The three year old tabby is small for her age at only five pounds. Her dark-gray fur is striped in black with a lovely undercoat of coppery-gold and is surprisingly soft and thick, more like rabbit fur in winter.
Her round little head seems too small for her expressive and large oval eyes, especially when the pupils dilate—anxious at my approach. She is nearly feral and only partially tamed by the priest who cared for her. She needed food and protection from her own kind so he set up a covered cage on his deck where she could eat and sleep in safety. When I adopted her she had two sizeable infected wounds from being attacked by other stray cats and the trip to the vet was traumatic.
When I look at her tiny paws and miniature prick ears, somewhere deep inside a warm gentleness overtakes me. I want so much to cuddle this diminutive kitty and feel her warm purring body against my own. But she is small and frightened, so my patience is required. I have had her long enough that she no longer bolts from the room when I come with her food.
In order to move close to her as she shrinks into the corner I lay on my belly and scooch slowly across the floor, softly repeating her name “Georgia.” Extending my arm and petting her with two fingers, I must be very delicate with my touch. Too much pressure or too near and she’ll dart into hiding. When this happens I wait for her to regain her trust and return to me, that non-priest person.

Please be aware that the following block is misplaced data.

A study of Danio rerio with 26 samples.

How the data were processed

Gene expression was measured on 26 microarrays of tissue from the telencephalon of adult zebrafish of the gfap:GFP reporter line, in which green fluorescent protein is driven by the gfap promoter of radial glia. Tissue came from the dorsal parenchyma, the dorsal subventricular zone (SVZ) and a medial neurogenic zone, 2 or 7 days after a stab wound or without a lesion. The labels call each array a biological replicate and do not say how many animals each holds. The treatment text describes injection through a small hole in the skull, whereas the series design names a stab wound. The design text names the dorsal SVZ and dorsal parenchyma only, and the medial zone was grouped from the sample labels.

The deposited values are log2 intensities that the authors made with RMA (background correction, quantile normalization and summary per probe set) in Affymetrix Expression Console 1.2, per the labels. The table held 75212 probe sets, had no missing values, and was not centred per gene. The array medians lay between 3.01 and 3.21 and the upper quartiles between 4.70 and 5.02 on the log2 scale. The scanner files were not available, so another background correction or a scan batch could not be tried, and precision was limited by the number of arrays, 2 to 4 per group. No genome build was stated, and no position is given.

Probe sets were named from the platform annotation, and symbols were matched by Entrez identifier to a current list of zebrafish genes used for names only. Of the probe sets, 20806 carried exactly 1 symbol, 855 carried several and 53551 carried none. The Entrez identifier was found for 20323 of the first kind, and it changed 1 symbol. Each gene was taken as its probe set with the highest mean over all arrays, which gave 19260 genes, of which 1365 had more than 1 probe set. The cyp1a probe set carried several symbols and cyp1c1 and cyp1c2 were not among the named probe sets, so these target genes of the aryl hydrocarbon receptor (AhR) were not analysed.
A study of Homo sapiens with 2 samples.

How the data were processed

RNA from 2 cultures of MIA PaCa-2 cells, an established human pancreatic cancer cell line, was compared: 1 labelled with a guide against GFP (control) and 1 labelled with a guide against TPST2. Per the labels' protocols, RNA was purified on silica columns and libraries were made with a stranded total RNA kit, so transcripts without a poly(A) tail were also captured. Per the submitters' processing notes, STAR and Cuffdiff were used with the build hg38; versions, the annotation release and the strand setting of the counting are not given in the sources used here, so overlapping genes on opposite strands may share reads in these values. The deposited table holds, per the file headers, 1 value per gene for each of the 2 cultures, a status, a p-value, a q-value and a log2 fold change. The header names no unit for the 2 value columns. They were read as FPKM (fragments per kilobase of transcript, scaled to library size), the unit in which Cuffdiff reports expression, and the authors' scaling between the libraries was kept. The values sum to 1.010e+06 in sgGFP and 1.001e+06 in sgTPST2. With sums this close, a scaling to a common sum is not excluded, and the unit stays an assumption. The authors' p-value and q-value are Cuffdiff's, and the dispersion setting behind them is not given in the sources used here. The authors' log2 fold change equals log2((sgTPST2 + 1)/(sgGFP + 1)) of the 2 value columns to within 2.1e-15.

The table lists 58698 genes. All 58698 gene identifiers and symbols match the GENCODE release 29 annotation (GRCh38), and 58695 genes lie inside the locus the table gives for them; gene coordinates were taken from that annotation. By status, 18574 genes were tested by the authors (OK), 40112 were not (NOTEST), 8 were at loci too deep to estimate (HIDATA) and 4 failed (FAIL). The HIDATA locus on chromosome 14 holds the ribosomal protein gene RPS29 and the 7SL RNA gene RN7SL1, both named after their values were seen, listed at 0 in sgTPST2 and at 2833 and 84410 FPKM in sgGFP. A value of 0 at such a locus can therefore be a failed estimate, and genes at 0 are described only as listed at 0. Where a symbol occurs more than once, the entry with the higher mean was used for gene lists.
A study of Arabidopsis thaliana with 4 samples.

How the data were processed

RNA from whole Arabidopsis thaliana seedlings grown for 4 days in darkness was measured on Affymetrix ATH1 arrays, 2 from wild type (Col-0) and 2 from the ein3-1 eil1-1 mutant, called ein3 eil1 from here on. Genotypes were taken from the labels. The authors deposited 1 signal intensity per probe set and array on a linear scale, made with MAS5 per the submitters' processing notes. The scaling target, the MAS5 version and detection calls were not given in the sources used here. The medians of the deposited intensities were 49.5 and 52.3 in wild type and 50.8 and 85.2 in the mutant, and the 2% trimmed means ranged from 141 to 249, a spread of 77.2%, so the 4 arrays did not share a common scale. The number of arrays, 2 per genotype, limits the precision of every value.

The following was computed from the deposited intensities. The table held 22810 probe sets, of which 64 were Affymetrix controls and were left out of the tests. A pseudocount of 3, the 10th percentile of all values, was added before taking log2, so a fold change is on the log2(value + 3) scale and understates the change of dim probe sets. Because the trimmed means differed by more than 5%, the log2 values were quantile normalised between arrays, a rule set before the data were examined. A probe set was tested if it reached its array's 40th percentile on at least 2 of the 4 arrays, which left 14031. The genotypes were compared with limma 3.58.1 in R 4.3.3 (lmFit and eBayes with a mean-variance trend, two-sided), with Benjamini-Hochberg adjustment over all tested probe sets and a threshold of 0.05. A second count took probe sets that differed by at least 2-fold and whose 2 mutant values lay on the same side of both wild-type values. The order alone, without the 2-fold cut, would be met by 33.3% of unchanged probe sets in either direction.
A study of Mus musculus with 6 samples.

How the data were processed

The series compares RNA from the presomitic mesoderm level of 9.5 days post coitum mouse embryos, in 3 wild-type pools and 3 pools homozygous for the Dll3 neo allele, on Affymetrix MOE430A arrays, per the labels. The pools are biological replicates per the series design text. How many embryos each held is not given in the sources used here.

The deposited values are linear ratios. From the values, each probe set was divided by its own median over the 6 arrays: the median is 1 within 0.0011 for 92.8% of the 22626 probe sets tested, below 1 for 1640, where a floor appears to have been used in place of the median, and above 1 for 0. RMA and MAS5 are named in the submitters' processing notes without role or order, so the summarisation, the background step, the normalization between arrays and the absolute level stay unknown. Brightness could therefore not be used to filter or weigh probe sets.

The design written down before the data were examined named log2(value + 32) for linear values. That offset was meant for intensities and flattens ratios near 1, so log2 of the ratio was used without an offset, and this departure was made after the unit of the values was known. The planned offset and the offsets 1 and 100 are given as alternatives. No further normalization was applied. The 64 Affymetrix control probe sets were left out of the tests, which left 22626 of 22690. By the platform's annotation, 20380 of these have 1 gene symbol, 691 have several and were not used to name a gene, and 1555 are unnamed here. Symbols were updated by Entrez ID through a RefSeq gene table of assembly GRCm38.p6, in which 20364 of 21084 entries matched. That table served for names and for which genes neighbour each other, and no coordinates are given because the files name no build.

What I have found works best is to sit on the floor near her with my open hand facing up and resting by my side, but where she is just beyond my reach. This one knows arithmetic well and can calculate exactly how far a human’s arm can reach! If I am patient she will often inch toward me, leaning into my open palm and choosing to feel my touch. She has then decided to be more accepting of my enormity in her little life.
I think of how God is just so with me, waiting patiently just beyond my reach for me to draw near. He waits, knowing I may bolt if I become sensitive to his approaching greatness compared to my littleness. His quietness draws me in as I trust the closeness of the hand that nourishes and protects. And I too, with desire overriding my fears, inch towards that loving touch.
Georgia only comes to me at night after I have settled in for sleep. She softly mews at the foot of the bed until I pull my hand out from under the blankets—palm up and fingers slightly curled. She then comes eagerly when I whisper her name. Curling up next to my hip, she rubs against my fingers a few times, places her round little head in the palm of my hand, and settles down. We both fall asleep in peace.